The first “rule” of medicine is DO NO HARM – don’t hurt the patient.
Another rule we learned in Medical School at the University of Kentucky was that many decisions in medicine are determined by the risk to the patient versus the benefits they may gain from that treatment or procedure.
Over 300,000 Americans and 2,207 Kentuckians have died as a result of the coronavirus. There are, as of Friday, 434 Kentuckians in ICU with the virus and 224 on ventilators. I personally have lost eight wonderful patients from COVID-19 with the oldest being 99 years old. All but one were nursing home residents.
Consider these statistics
•Over 58% of deaths are nursing home residents.
•If you get COVID-19 in the nursing home the chance of dying is 20%.
•If you are over 70 and get COVID-19 there is a 20% chance you will end up in the hospital.
•The elderly, those with diabetes or other chronic diseases are at highest risk.
•Half of those patients on ventilators will not survive, though there has been great progress in treatment of the virus. This week vaccinations will begin in our local long-term care facilities. Vaccines will be provided to the residents and staff, front line health care workers, then all health care workers and first responders, then the K-12 education community.
We are all familiar with wearing masks, using hand sanitizer, social distancing, washing hands and avoiding crowds. These will have to be continued after the vaccine as it takes one to two weeks after the second dose to be considered fully vaccinated.
There are two approved vaccines that have received Emergency Use Authorization by the FDA and CDC. The Pfizer vaccine may be given to those 16 and older with the second dose 21 days after the first one. The Moderna vaccine is approved for patients over the age of 18 followed by a second dose 28 days later. You should not have had any other vaccine such as the flu vaccine 14 days before or after the COVID-19 vaccine. The vaccines are NOT live viruses that are injected.
If you have COVID-19 at the time you should not get the vaccine as you might expose health care workers to the disease.
You may proceed with vaccine if you are pregnant, immunocompromised or breast feeding. You may get the COVID-19 vaccine if there is a history of allergies to food, pets, venom, insect or latex or a non-serious reaction to a vaccine. A 30 minute observation period is done if patients have a severe allergic reaction due to any cause or 15 minutes if allergic reaction but not anaphylaxis.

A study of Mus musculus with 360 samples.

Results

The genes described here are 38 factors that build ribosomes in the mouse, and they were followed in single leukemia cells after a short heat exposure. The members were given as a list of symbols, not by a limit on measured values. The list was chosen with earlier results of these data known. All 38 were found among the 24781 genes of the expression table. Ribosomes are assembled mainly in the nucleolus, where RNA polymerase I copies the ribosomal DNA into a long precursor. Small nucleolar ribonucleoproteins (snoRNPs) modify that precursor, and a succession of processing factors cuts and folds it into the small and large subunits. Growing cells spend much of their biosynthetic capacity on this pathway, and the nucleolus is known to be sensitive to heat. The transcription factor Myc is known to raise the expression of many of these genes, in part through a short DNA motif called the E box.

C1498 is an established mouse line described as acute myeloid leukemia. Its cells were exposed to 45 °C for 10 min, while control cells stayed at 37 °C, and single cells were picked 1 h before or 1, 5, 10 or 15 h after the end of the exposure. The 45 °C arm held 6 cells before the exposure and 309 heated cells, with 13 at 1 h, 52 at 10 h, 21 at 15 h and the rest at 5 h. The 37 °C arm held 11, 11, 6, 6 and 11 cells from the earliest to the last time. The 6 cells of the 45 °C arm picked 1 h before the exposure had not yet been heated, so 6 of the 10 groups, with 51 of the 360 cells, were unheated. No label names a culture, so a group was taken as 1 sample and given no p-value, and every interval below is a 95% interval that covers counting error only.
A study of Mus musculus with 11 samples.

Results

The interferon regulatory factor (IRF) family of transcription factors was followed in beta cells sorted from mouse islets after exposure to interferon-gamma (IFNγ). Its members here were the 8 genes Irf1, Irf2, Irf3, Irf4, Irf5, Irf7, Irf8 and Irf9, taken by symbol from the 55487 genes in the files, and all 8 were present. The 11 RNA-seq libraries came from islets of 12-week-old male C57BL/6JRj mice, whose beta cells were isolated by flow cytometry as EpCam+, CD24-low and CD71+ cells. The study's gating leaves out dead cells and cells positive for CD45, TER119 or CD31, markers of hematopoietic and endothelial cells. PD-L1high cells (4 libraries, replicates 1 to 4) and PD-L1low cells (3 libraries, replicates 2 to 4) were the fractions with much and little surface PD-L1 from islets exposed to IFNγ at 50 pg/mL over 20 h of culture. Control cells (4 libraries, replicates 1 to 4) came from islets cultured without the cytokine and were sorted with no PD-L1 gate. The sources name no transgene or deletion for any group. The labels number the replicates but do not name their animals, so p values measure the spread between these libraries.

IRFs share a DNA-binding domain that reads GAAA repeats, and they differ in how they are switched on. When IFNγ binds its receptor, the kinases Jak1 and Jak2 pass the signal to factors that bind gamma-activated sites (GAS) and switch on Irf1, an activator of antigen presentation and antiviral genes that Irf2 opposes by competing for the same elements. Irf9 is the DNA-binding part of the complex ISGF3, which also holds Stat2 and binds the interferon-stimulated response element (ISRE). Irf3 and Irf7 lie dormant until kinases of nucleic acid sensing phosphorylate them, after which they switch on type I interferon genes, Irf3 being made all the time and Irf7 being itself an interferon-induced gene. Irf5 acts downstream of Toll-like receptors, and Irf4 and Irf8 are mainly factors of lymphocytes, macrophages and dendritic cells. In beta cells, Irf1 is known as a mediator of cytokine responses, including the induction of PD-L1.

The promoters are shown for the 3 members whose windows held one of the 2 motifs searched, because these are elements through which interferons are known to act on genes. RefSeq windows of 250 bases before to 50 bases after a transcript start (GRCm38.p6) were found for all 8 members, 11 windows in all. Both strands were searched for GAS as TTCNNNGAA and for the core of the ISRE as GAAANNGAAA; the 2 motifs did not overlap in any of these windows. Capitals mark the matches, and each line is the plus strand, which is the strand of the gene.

Precautions to the vaccine include patients with acute moderate or severe illness, then the vaccine may be deferred. If there is a history of severe allergic reaction to another vaccine or history of a severe allergic reaction (anaphylaxsis) to an injectable medicine, there should be a risk assessment, and potential deferral of the vaccine and a 30 minute observation period if vaccinated.
Contraindications to the vaccine: If there is a history of severe allergic reaction to any component of the vaccine, do not vaccinate. Polyethylene glycol is one component.
At the vaccine sites there should be epinephrine and Benadryl available to treat reactions. The chance of anaphylaxsis is one in 1.3 million vaccines.
Systemic signs such as chills, fever, sore muscles and achy joints, fatigue and headache if they occur are usually within the first three days after vaccination. Systemic adverse reactions are more common after the second dose and usually in the 18 to 55 age group. Tylenol and analgesics may be used. Some have considered these signs that the immune system is revving up.
Cough, loss of taste or smell, shortness of breath, rhinorhea and sore throat are NOT due to the vaccine.
The vaccine does not turn a COVID-test positive.
A program called V-Safe is available to check problems after the vaccine. This is done by text messaging daily the first week then weekly up to six weeks. You will be questioned: Did you miss work? Are you unable to do normal activities or have you received medical care?
If you have had COVID-19 infection and recovered you still should get the vaccine. Wait until the acute illness and quarantine has been done. Re-infection is uncommon in the first 90 days after illness and the vaccine could be deferred until after 90 days.
There was an imbalance of Bells Palsy but this was in an expected range.
If you miss the second dose of either vaccine you do not start the series over but get the second vaccine as soon as possible.
It is estimated that 40% of the general population will decline the vaccine. This is similar to the number that declines the flu vaccine. If you have any questions or concerns please discuss them with your physician. I have had many patients with COVID-19 infections, many very ill, besides the eight I have lost. I have had 26 COVID-19 tests myself – nasal, oral, and blood when I donated blood.
When my patients ask me about the vaccine I have two responses: I took it myself and I wouldn’t recommend anything to you without taking it myself.
Secondly, I wish that the patients I lost would have had an opportunity to take the vaccine, as well as the other 300,000 Americans who have passed with COVID-19.
Information on this article was from the CDC website on the vaccines.
Dr Drake is board-certified by the American Board of Family Medicine, is a past-president of the Kentucky Academy of Family Physicians and a member of the American Academy of Family Physicians. Dr Drake has practiced in Somerset since 1984.